Auckland is the capital of New Zealand and has a population of more
than 1 million. It is known as the City of Sails. Auckland is located
on an isthmus of the North Island where
the city covers the width of the island. Manukau Harbour, off the
Tasman Sea, is on its western edge and Waitemata Harbour off the Hauraki
Gulf forms its eastern border. The Maori settled here in the 1300s
and they represent the world's largest Polynesian cultural center.
Auckland is located in the Southern Hemisphere, so its seasons are
reversed as compared to Europe or North America. Temperatures in
the winter months from May to September average highs of about 63 F
(17 C) while average lows are 46 F (8 C). The months of January and
February mark the height of summer, with average highs of 75 F (24 C) and 60 F
(16 C) for lows. Rainfall is lowest during January and February, making it a perfect time to visit Auckland.
Auckland Airport (AKL) is New Zealand's largest
airport. It provides international access to Auckland from a location
about 30 minutes south of the downtown area by taxi. There is also
regular bus service between the airport and the Britomart Transport Centre
on the downtown waterfront. The Britomart Transport Centre
is the transportation hub of Auckland, including the central train station,
the cruise terminal, the airport shuttle bus terminal, local buses and numerous ferries.
Check the Auckland
Transport site for more information. Although there are quite a few attractions in the
Britomart Prescint and Auckland has excellent transportation services, it's
worthwhile considering a rental car for an extended visit. Unlike
cities in Europe, the things to see and do in Auckland are spread over a
wide area in distinct regions that are detailed below. Visitors to
Auckland often also visit the Hobbiton Movie Set from the Lord of the Rings
, the Waitomo
Glowworm Caves and the volcanic geysers, hotsprings and mud pots in Rotorua.
All these attractions are located within 3 hours of Auckland.
Wynyard Quarter -
North Wharf, Karanga Plaza, Auckland Fish Market and Silo Park.
Try the North Wharf restaurants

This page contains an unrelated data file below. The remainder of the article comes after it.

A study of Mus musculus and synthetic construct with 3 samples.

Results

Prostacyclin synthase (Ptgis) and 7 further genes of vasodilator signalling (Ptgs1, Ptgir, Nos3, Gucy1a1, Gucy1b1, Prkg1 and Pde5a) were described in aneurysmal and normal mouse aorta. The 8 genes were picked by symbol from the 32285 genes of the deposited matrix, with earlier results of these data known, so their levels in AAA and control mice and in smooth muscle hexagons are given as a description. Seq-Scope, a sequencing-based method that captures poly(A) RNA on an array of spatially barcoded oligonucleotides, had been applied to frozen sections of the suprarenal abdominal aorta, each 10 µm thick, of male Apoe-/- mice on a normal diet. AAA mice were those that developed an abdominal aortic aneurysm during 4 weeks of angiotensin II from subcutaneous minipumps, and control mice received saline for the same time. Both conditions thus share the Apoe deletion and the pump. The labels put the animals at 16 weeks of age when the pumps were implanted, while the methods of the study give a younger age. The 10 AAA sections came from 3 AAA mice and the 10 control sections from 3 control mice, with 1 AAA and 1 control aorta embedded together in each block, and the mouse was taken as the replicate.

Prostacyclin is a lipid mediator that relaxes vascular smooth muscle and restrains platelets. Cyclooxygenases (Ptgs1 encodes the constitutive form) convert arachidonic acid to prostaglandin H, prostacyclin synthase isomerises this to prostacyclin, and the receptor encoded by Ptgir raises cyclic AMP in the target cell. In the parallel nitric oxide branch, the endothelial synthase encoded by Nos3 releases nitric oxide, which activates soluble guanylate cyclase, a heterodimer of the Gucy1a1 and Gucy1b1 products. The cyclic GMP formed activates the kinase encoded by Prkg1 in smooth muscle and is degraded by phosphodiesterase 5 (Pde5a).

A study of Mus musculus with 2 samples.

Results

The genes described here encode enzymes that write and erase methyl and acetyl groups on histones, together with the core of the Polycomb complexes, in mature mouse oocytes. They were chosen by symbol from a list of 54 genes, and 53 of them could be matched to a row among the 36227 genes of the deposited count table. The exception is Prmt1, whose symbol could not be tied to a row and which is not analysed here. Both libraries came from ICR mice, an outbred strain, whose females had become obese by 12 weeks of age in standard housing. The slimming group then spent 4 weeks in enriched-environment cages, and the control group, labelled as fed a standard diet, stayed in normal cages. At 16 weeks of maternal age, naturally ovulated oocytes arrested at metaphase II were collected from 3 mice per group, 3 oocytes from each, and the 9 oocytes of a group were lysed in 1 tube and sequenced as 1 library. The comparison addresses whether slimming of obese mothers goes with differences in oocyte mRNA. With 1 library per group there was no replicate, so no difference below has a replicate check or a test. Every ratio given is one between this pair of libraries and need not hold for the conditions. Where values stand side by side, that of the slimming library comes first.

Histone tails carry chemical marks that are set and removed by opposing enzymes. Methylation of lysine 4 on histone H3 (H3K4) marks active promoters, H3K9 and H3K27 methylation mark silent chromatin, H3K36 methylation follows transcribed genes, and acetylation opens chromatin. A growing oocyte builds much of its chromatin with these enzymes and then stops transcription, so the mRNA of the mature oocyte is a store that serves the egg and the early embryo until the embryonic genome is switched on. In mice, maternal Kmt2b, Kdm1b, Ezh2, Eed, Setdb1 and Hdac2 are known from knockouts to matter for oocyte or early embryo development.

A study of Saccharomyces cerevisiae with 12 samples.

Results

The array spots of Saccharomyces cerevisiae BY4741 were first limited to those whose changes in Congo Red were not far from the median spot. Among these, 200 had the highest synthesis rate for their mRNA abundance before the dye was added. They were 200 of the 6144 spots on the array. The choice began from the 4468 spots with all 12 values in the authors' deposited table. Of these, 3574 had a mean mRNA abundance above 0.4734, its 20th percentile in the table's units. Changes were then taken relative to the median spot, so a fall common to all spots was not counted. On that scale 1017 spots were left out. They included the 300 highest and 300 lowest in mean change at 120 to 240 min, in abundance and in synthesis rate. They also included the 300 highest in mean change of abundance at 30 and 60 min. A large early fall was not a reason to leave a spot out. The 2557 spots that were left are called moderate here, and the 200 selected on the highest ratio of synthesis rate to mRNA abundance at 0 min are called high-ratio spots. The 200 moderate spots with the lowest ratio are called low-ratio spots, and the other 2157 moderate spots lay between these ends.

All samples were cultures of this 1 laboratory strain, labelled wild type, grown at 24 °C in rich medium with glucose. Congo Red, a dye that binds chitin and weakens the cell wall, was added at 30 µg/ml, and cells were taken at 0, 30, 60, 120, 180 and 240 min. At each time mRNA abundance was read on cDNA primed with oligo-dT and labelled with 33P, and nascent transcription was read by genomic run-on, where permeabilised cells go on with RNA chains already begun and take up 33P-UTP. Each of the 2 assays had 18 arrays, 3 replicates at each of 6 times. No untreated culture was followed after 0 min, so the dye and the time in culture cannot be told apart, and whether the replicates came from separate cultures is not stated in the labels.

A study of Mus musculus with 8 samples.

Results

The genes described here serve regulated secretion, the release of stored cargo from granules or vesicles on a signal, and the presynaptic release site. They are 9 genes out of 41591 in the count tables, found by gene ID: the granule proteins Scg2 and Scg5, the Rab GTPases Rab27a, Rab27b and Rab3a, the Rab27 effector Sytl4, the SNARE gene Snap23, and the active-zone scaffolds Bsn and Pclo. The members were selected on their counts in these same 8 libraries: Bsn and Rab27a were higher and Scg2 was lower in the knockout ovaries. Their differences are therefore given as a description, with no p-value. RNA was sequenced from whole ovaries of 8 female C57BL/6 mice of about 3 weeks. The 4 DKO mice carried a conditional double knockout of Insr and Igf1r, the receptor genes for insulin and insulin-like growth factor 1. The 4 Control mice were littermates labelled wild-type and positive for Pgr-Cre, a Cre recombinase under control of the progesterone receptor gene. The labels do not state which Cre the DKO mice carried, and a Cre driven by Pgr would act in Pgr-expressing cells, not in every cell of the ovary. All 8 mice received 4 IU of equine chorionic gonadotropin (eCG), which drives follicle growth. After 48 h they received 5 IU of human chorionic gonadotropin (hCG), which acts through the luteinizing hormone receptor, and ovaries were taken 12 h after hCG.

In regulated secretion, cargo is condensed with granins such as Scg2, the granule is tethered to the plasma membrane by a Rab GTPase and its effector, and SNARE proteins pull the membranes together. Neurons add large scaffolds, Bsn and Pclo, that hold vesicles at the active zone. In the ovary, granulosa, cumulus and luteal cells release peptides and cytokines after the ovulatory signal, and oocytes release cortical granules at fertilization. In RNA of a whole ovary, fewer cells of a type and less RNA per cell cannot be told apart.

for fresh fish served at the waterfront. Take a ride around Wynyard Loop
on the Auckland Dockline Tram.
Watch the sailboats or charter one.
Britomart Precinct - new pubs and restaurants, City Farmers' Market, specialty stores and the art work of the Britomart Project Space.
The Britomart Transport Centre is located here.
- sail on an authentic America's Cup yacht or go whale watching.
Things to see and do in the Auckland Central Business
Auckland Central Business District (CBD) forms the backdrop for the
Edge - home of the Civic (theatre), Auckland Town Hall, The
Aotea Centre, Aotea Square with its crafts and art festivals and
The Edge is right beside Queen Street
which extends from Karangahape Road down to the harbour with its
heritage walk, bars, clubs, smaller shops and red-light district.
Sky Tower - the tallest
building in New Zealand at 328 m (1,076 ft). Enjoy views of the
city. Dine at the Orbit Restaurant, the SkyLounge or Orbit with
360 degree views. At the 192 m level, take a SkyWalk
around the outside of the building or a SkyJump
off the building.
Mission Bay - Rollerblade along Tamaki Drive, fish and chips, views from
Bastion Point and the Michael Savage Memorial. Visit Kelly Tarlton's Sea Life Aquarium
to see Sub-Antarctic penguins, stingrays and sharks.
Mount Eden - a
volcanic cone with a grassy crater. Views over Auckland and award
Eden Park - All Blacks rugby and Black Caps cricket.
Park (also known as One Tree Hill and Maungakiekie) - One Tree
Hill is a volcanic cone that forms part of the Auckland Volcanic Field
of 48 volcanoes. The tree at the summit is no longer there, but
an obelisk now marks the top. The park is also a Maori
archaeological site with over 170 terraces and the Rongo Stone.